Opinion: NASCAR's 'Gray Area'
By: Pete Pistone - @PPistone | MRN.com on August 14, 2013 | 1:54 P.M. EST
Veteran drivers like 54-year-old Mark Martin have been successful on the track, but the sport also needs younger competitors to lure younger fans. (Photo: Getty Images)
NASCAR is facing a challenge in trying to attract a younger audience while the Sprint Cup Series garage keeps getting older.
The average age of the 43 drivers in last Sunday’s Cheez-It 355 at Watkins Glen International was 36. The field included four drivers over the age of 50 and six older than 40.
Compare those numbers with the average player ages in the four major professional sports: NFL (26), NBA (26), Major League Baseball (27) and the NHL (28).
While there are a number of younger drivers competing in NASCAR’s second and third divisions, and a slew of youthful talent on the horizon, don’t expect to see them in the Sprint Cup Series any time soon. Unfortunately, these kids are staring at a glass ceiling with no immediate hope of breaking through.
At last glance, open seats in the Cup garage are few and far between. Veteran drivers have their heels dug in and there are no indications of any planned retirement parties. Any movement that takes place before the first green flag of next year will simply be a reshuffling of existing faces.
Kevin Harvick will move from Richard Childress Racing to Stewart-Haas Racing, Kurt Busch might jump from Furniture Row to RCR, or perhaps Ryan Newman will land at Richard Childress’ team after being forced out at SHR. The common thread with all three veteran drivers' scenarios is sponsorship. Harvick took Budweiser and Jimmy John’s to Tony Stewart’s team. Newman has Outback, Quicken Loans and others to offer; and Busch’s career reclamation should help attract a potential backer.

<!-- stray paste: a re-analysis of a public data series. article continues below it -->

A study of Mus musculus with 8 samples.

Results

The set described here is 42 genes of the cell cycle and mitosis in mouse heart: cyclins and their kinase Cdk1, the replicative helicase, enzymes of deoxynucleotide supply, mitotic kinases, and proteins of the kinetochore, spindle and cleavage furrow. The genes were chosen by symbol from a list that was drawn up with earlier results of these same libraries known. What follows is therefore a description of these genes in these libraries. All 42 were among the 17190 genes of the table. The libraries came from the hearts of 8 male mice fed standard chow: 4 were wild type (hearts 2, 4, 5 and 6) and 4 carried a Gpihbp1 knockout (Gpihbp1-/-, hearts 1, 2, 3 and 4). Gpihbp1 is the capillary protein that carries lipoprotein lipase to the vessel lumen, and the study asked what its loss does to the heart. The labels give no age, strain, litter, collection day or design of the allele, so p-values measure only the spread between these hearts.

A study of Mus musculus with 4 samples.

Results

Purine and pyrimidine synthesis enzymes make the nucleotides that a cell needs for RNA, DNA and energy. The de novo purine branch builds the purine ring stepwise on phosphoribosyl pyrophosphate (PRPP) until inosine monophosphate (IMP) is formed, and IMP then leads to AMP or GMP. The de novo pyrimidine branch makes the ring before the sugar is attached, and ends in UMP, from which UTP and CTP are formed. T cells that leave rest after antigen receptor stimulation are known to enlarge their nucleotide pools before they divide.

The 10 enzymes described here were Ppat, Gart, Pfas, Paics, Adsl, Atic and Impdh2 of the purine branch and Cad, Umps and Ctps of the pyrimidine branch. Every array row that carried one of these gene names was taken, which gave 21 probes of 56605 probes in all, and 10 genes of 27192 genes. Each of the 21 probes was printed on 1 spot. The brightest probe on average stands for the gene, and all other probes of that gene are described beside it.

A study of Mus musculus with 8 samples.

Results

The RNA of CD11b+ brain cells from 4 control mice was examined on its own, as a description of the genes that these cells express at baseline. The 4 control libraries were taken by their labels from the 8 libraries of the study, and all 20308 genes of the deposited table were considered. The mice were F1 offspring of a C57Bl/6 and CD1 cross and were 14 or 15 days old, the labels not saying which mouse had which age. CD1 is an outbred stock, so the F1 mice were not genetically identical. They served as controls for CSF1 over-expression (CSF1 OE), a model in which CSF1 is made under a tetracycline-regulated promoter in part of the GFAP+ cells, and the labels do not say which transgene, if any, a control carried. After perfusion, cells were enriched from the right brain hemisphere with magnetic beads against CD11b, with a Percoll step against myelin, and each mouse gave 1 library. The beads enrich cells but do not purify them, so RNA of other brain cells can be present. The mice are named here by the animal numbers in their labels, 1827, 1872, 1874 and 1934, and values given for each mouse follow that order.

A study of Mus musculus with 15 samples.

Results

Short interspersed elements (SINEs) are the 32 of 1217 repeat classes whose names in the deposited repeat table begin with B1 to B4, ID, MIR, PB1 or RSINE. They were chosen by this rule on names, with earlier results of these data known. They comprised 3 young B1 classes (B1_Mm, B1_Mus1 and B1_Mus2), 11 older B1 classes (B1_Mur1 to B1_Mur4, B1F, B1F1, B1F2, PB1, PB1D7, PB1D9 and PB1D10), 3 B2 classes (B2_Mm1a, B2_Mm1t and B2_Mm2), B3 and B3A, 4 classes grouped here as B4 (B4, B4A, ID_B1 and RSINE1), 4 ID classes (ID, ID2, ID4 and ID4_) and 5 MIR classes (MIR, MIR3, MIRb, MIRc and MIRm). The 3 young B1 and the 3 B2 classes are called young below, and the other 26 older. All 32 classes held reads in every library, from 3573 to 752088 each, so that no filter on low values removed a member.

But unless a multi-million-dollar sponsor falls out of the sky, no team has a plan in place to add an additional entry to its stable for a young driver to challenge Austin Dillon – who has a seat waiting for him at the family-owned RCR operation – for 2014 Rookie of the Year.
The situation is a blow to NASCAR’s attempts to pursue the elusive 18-24 age group, which simply cannot identify with most of today’s drivers. Social media, digital initiatives and marketing campaigns don’t mean anything if young people are unable to connect with the actual product.
Much was made about Travis Pastrana’s NASCAR entry and how the wildly popular action sports star would bring his legions of fans – most in that sweet-spot younger demographic – with him to stock car racing. While there might have been an initial burst, the reality is that just hasn’t happened.
Until there’s an influx of fresh faces that provide a younger fan with a rooting interest, the graying of NASCAR will continue.
It’s tough for a sport to connect with a younger fan base when more of its competitors subscribe to "Senior Living" Magazine than "Rolling Stone."
The opinions expressed here are those of the writer and do not necessarily reflect the positions of the Motor Racing Network.